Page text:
Imagine sauntering through a colorful, historic sub-tropical waterfront city with original brick-lined streets and charming restaurants, shops, art galleries, and performing arts venues. This perfectly describes the Downtown redevelopment district, also known as the River District. Fort Myers’ beautiful core is also its historic and cultural center. People live, work, play and invest here. The River District’s combined commercial-residential walkable neighborhoods may have the style of the past, but they are the wave of the future when it comes to convenience and saving our precious natural resources.
The Downtown district has come a long way from the desolate urban wasteland of the 1970s and early 1980s. It was created in 1984 as a 540-acre area stretching from the Caloosahatchee River to Victoria Avenue and from West First Street to Billy’s Creek. Over the decades, this area has had three redevelopment plans because when projects were completed or priorities changed, a new direction was needed.
The current 2010 Downtown Plan integrates the existing historic area with a strategy to develop the neighboring, largely vacant riverfront. Some of the new projects for the riverfront area include a crescent-shaped water detention basin lined by unique retail shops, restaurants, and a convention hotel; making the marina bigger; increasing downtown parking by adding two new parking structures, and creating a cultural destination through improved parks and outdoor public spaces.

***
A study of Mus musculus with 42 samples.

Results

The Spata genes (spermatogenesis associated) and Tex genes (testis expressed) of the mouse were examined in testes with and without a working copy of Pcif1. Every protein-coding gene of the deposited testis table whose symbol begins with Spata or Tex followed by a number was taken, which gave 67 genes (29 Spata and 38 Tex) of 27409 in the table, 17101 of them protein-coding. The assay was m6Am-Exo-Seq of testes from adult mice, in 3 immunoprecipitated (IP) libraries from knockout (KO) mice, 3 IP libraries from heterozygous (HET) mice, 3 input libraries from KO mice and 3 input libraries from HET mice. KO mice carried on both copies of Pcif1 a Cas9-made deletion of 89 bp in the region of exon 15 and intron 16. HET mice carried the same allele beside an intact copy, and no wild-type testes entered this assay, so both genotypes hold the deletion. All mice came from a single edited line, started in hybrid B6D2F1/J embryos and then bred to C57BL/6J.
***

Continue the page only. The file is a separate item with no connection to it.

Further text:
Since so much of the redevelopment in the original Downtown core has been completed, focus is also shifting to the east in Gardner’s Park, to the south in Midtown, and to the west in West First Street.
The Downtown redevelopment area is positioned along the northern City Limits and contains the City’s core. It is located south of Caloosahatchee River and north of Market Street.